Jean Charest is a leadership candidate for the Conservative Party of Canada.

Our country’s healthcare system is cracking under its own weight. Seven years of big left-wing government, and a pandemic that allowed it to cement its grip over national healthcare policy and subject Canadians to lockdowns, have left us in a state of crisis.

In every category, from ICU and hospital beds per capita to doctors and nurses per capita, to wait times for basic procedures, Canada is near the bottom of Organisation for Economic Co-operation and Development (OECD) rankings, despite spending more than most countries who outperform us.

More empty promises, irresponsible spending or slogans are not the answer. What Canada needs is strong Conservative leadership to unleash healthcare reform and stop the downgrade spiral of degrading healthcare services.

We have politicians that have used this pandemic as an opportunity to exploit people’s real fears and anxieties as a reason to divide us. Canadians have the right to be frustrated with lockdowns and the countless fumbles made by our government throughout the pandemic. However, in Conservative politics that frustration must translate into substantive and serious policy alternatives.

My leadership bid is the only one with a robust stance on healthcare policy, one that can counter the big government mindset that has crept in, to revitalize our healthcare system. Failure to properly address these issues now will mean Canadians’ health remains neglected long into the future.

A Charest government would immediately call an inquiry into the Liberals’ pandemic response. It’s unacceptable that Canada was subjected to more stringent lockdowns than almost anywhere else in the world. For this to happen in a developed country, with some of the world’s leading medical practitioners, demonstrates that our system is in urgent need of innovation and structural change.

The problem with a government that seeks control is that it needed little incentive to go along with lockdowns, rather than seek more accommodating, and responsible, alternatives. Their desire to control healthcare policy, keep the provinces under their thumb and prevent innovation meant that when COVID hit, we had a broken system unable to cope. So, we got locked down.

That was bad enough. But what is even more egregious is that the government has refused to learn its lessons, and instead remains committed to controlling healthcare policy, keeping it out of provincial hands that are better suited to meet demands on the ground.

Just this week, provincial premiers issued a united appeal to the federal government for increased health transfers. Even the NDP premier of British Columbia, John Horgan, decried the government’s gung-ho decision to fund vast new social healthcare programs without the stable healthcare funding that Trudeau’s government promised the provinces seven years ago.

Committing funding to extensive new dental care programs, while the provinces desperately await the funding needed to clear the backlogs of vital surgeries and appointments that have accrued over the past two years illustrates this government’s paternalistic approach. They try to win political plaudits with overreaching schemes, instead of supporting their provincial partners who deliver health care services.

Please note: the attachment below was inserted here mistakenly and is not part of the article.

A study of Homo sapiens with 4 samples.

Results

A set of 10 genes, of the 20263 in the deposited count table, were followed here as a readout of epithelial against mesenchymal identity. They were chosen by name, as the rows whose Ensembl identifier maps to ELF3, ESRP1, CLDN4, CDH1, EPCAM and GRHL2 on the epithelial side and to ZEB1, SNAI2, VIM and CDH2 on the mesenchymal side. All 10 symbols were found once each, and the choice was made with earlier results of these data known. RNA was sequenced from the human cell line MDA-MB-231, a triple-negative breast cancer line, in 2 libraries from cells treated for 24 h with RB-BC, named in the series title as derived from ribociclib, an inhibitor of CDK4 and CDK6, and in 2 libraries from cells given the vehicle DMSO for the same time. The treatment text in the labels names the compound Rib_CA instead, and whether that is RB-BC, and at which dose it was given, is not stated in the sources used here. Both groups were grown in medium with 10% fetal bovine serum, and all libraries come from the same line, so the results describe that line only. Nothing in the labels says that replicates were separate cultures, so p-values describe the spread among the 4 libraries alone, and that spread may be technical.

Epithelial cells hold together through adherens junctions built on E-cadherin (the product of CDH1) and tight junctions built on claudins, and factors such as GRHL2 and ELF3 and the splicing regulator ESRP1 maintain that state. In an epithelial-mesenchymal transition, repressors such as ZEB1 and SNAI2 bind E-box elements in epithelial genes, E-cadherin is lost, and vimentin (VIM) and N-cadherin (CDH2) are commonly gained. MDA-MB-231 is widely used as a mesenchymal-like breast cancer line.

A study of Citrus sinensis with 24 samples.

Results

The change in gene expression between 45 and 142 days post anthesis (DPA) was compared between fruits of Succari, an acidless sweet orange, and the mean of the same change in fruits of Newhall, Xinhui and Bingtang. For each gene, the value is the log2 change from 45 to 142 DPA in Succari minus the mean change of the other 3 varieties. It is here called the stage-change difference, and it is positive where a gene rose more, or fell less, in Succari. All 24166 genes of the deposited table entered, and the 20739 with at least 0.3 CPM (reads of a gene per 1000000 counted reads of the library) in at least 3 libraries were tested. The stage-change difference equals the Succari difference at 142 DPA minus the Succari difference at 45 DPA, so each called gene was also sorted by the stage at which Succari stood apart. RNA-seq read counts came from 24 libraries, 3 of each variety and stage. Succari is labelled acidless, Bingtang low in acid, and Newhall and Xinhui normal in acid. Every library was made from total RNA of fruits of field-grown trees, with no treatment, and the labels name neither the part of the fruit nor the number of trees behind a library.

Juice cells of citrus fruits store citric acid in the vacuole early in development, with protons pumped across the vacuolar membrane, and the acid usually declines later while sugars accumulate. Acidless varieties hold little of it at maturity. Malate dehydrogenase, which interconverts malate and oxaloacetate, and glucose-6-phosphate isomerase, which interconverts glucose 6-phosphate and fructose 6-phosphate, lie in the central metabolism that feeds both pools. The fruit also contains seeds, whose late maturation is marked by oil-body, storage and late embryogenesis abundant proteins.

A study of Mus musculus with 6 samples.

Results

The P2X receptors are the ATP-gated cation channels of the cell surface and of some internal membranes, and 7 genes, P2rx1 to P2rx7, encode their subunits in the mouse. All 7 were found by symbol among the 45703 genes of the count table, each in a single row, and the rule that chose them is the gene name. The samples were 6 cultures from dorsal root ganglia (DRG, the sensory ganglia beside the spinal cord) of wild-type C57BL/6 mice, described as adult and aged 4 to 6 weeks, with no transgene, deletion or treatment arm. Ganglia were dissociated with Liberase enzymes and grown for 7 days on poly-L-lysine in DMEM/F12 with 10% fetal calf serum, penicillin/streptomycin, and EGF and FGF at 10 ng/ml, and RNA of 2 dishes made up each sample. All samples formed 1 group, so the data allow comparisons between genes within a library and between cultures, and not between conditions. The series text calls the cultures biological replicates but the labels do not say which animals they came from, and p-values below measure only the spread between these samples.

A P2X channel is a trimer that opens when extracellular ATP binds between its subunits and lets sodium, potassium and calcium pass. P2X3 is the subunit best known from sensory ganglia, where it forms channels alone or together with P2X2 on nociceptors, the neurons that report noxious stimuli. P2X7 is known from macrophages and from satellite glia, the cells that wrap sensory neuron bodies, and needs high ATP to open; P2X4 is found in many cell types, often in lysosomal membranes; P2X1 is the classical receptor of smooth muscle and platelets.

It’s time to untie the hands of the provinces and let them develop their healthcare services based on local needs, without the federal government interfering in their jurisdictions.  A Charest government would commit to maintaining the 3% annual increase in the Canada Health Transfer and to renegotiate a long-term agreement. Despite the Liberal’s campaign promise in 2015 to secure a “long-term agreement on funding”, seven years later the provinces remain united in their criticism of Trudeau’s government failure to deliver.

With the health of Canadians on the line, a delay is no longer an option. My whole political life I have advocated for each province to determine the right healthcare delivery model that works for them, under the core principles of universality and affordability. My Conservative government, following consultations with provinces, would table a new National Healthcare Act to reform the Canada Health Act.

Recently, my leadership campaign released a comprehensive, Conservative healthcare policy that would be implemented by a Charest government. As well as unshackling the provinces, it would empower healthcare workers and prepare us for the future by investing in Canadian supply chains, clearing backlogs, and improving access to critical medicines.

The last point is one where this government is ideologically opposed to the private sector. Arcane regulations have prevented people suffering from rare diseases from getting access to the lifesaving drugs they need. Cystic Fibrosis Canada has been lobbying the federal agency and health minister for access to critical medicines, as people with the disease cannot get access to vital medicine produced solely by American pharmaceutical companies.

The logic of preventing access to such drugs while another respiratory illness ripped through our country, is baffling. My government would review Health Canada’s regulatory processes to ensure rigorous swift procurement and supply of critical medicines. Simply put, it would get the federal government out of the medical red tape business and let doctors care for patients.

Big government is not the solution. Canada needs responsible government that will treat health care as a true national legacy and one that will finally give the provinces the freedom to innovate and deliver efficient quality health services.  

Canadians deserve better. They deserve a government that tackles the healthcare crisis with true leadership with the provinces and policy solutions that commit our country to caring for those who need a compassionate healthcare system.